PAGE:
Adelaide Fringe 2011
Berkoff liberates the thoughts of the subconscious and paints an exceptionally vivid picture for the audience with his rich tapestry of words and turn of phrase. In Dog a violent yob and his dog unapologetically justify their violent actions and beliefs. It is a sub culture that is rarely explored in such an exceptional manner—it both entertains and provides a commentary into ubiquitous themes of masculinity, loyalty, racism and expression. Lunch illustrates the complications of relationships and temptations that manifest themselves in different ways.
When the English yob strides onto the stage cussing and dragging his pit bull terrier, Roy, the audience knows immediately they are in for a powerfully intense and unique performance. Jonathan Bragg, the director and actor in the opening act, gives a powerfully passionate and plausible performance. He challenges the audience, gesticulates wildly, speaks confidently and articulates Berkoff’s dialogue impeccably. Bragg also enunciates Roy’s thoughts occasionally demonstrating the affectionate and fierce relationship between them. Tom and Mary then take the audience through the minds of a man and woman who are attracted to each other but fear the possibilities and outcomes that could come out of such an enticement. Tom’s frivolity and fanaticism contrast starkly with Mary’s cautious but curious nature as the two of them admire the seascape before them, arguing, harmonising, and suppressing themselves.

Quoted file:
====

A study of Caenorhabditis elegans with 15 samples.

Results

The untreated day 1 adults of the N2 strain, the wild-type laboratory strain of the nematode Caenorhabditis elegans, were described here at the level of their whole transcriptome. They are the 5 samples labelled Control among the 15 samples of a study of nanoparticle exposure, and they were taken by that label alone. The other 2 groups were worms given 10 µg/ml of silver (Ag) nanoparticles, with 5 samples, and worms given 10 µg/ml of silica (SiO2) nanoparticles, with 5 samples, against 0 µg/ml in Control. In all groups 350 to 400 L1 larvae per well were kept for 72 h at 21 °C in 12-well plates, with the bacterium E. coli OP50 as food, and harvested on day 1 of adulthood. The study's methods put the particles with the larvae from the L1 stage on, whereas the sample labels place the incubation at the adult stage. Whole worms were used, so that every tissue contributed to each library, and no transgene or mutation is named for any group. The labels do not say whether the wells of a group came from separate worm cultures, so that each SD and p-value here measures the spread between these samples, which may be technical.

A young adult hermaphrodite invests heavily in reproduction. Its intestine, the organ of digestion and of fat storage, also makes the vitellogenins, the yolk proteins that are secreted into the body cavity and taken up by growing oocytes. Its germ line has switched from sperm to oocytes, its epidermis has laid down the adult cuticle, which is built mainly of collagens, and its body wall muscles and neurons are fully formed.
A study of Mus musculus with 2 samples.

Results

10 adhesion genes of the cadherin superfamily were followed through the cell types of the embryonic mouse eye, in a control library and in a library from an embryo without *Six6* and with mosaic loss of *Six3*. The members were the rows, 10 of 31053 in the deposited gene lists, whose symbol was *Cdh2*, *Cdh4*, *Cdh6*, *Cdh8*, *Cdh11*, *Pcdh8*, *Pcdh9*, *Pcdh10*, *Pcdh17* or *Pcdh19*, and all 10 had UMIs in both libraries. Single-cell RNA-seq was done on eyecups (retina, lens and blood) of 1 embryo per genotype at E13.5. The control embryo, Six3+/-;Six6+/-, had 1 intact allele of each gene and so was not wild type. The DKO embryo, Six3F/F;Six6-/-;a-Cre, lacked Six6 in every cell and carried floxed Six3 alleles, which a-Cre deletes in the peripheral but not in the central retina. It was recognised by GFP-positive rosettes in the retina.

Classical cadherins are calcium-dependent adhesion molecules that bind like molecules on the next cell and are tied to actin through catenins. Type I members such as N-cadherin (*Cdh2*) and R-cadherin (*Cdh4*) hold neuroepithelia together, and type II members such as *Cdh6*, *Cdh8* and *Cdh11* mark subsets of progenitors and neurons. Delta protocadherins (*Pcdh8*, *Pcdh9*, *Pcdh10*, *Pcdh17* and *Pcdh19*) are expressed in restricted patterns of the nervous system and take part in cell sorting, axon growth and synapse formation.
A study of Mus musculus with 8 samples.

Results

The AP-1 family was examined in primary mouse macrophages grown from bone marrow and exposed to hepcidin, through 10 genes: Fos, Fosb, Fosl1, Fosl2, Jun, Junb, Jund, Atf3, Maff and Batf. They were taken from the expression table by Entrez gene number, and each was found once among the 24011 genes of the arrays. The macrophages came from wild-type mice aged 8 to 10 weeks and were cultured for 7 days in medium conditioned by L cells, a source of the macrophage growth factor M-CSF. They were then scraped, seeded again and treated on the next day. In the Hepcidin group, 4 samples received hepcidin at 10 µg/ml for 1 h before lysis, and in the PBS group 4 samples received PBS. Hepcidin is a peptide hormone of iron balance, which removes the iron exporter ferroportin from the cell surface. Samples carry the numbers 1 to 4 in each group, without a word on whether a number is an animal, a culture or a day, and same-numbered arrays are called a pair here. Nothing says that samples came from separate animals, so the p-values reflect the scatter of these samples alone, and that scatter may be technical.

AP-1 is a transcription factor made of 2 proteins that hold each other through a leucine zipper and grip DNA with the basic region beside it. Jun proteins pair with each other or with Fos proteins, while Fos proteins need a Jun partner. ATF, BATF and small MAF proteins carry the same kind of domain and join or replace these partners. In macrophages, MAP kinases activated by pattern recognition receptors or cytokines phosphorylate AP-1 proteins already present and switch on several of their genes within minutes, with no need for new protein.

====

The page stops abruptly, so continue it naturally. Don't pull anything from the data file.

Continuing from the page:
Steven Berkoff’s dialogue is vibrant with depiction and his command over language is remarkable, if prolonged and biased towards some characters. The repartee between the couple was entertaining as was the yob’s narratives—the letdown was the ongoing monologues and constant backdrop. The yob’s winding narrative would have been more entertaining and comprehensible if the lighting was adjusted accordingly and appropriate props employed. Dog could have also been lengthened in dialogue as it was an interesting depiction and engaging piece. Lunch was also flawlessly performed by Lydia Nicholson and Cameron Pike, however a soundtrack with background sounds that complemented the changing moods in the piece would have provoked more reaction from the audience.
Berkoff in Two Acts is a stunning example of expression and language. The metaphors, alliteration, and vivid imagery was woven together to create a medley of horror and wonder. It is difficult to react to the underlying messages and themes in the proper manner because of the lyrical language and poetry in the dialogue. Combined with seamless performances it is a unique piece of theatre that elicits a range of conflicting emotions while entertaining at the same time.